1st Quarter 2023 Update & The Bond Market
After a year in which the S&P 500 Index dropped 18.32% and the bond market's broadest index, the Barclays U.S. Aggregate Bond Index, dropped 13.02% (as reported by the iShares ETF of a similar name referenced below), it was nice to see the markets turn the page on the New Year with gains. As shown in the graphic above, most of our positions experienced increases in the 1st quarter of 2023, led by the iShares Russell Top 200 Growth ETF, up 15.27%. The markets started the year off with a bang in January in response to declining inflation readings and expectations that the Federal Reserve would end their rate increases, with the S&P 500 gaining 6.29%. February was fraught with concern that inflation was not cool enough, and the S&P 500 declined 2.13%, as a result. In March, we saw the emergence of a potential banking crisis, and a Fed that is committed to further rate hikes, and still the market increased by 3.31%
Overall, we can't be disappointed in the results over the first 90 days of the year. But going forward, the U.S. economy faces many challenges, including ongoing stubbornly high inflation and the likely prospect for a recession. As a result, we are making a fundamental change in our investment models that we believe is beneficial to our clients.
In reviewing our investment models, we have been following the performance of the bond market with particularly keen interest. Last year, we replaced our model position in the iShares iBoxx $ Investment Grade ETF (LQD) for the iShares Core Aggregate Bond ETF (AGG), under the belief that the higher quality bonds being held in the AGG ETF would cause it to outperform LQD. Remarkably, the price action in the two funds performed in near lockstep over the last 12 months.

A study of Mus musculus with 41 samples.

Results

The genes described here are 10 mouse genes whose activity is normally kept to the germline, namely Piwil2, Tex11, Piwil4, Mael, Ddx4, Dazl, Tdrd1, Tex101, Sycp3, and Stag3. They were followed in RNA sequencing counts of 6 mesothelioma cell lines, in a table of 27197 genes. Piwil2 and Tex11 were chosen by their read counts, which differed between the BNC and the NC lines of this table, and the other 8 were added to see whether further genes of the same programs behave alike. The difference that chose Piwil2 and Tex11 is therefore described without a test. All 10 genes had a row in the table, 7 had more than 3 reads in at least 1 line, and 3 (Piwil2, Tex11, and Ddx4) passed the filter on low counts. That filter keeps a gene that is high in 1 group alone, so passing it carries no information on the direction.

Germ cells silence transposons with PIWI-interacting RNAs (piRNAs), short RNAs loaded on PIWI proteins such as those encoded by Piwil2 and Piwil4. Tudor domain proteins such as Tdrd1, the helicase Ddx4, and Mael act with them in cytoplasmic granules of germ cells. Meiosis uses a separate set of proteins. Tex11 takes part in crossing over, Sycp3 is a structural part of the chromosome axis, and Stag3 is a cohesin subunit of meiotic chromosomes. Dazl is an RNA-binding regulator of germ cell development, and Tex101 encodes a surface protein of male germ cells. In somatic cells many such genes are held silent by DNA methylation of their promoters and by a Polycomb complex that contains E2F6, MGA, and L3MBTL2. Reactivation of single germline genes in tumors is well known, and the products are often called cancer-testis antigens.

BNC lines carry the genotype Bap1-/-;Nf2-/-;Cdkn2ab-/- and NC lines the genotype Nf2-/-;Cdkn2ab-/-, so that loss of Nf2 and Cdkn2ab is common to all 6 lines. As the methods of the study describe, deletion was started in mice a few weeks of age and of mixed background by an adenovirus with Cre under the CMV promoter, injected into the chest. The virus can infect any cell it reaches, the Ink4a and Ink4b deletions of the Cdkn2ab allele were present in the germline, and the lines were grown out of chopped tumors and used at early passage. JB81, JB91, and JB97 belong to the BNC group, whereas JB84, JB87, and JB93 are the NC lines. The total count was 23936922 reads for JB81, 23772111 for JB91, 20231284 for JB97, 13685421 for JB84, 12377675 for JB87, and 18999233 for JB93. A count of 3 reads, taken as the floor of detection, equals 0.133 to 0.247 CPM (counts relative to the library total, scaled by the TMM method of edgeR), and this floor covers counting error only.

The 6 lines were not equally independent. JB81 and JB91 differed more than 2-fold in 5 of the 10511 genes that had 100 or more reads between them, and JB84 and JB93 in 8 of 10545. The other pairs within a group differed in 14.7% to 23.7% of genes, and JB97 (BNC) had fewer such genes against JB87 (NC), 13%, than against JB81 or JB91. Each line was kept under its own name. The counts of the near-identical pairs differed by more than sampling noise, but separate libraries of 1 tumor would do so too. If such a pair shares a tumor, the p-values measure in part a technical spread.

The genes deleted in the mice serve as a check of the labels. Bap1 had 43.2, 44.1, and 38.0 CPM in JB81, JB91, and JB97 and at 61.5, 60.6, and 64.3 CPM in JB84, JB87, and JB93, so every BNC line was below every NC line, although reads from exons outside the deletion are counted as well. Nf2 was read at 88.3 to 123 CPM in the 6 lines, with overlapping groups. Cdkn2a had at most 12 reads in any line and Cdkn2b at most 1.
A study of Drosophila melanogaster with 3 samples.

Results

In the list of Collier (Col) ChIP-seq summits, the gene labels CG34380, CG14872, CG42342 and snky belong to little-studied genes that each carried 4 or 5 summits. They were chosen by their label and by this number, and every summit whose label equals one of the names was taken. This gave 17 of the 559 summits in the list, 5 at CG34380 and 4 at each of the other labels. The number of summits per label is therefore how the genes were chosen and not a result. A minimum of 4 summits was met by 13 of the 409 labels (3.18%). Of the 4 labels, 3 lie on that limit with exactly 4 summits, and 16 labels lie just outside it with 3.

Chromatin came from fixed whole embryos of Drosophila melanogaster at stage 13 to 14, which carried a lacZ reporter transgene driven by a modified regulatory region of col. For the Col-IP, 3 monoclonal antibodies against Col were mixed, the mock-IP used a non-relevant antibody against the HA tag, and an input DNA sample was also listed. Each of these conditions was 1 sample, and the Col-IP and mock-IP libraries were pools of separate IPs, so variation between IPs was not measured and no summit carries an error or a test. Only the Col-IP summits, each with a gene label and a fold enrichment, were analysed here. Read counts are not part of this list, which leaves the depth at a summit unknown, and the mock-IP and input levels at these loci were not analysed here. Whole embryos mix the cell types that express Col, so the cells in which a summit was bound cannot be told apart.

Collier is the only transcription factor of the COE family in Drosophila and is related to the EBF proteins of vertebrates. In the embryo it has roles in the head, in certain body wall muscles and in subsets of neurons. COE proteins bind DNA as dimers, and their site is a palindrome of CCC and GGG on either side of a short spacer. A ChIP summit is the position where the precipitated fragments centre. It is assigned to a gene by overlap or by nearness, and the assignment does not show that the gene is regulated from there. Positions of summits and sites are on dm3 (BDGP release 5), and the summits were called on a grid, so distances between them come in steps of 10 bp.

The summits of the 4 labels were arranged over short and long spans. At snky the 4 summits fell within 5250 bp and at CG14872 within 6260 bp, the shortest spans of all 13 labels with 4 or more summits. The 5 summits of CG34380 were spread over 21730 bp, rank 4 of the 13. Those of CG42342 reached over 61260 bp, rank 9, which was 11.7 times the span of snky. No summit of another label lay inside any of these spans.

Recently, we made an investment in the Schwab Value Advantage Money Fund to better invest larger cash positions our clients hold. The current 7-day yield is 4.9%, as of this writing on May 17, 2023. In contrast, the 30-day SEC yield on the AGG and LQD are 3.85% and 3.63%. As a result, given that Federal Reserve interest rate policy will remain constant for a period of time, at least until they see real signs of a recession in the economy, we are trading out of our position in AGG in favor of investing the bond portion of client portfolios in the far higher yielding Schwab money market. In addition to a higher yield, clients will expect to see constant price performance ($1 per share) versus the up and down price movement of bond market investments. The chart below shows the relationship between Federal Reserve interest rate hikes and money market yields.
We anticipate that, at some point in the future, we will trade out of the Schwab money market fund in favor of bond market investments. However, that decision will be made when we have the analysis and economic conditions that warrant it. We don't always communicate changes in our discretionary risk-managed models, but this development was noteworthy enough to warrant sharing in light of client interest in money market yields and the uncertainty in the economy.
All market data provided by YCharts.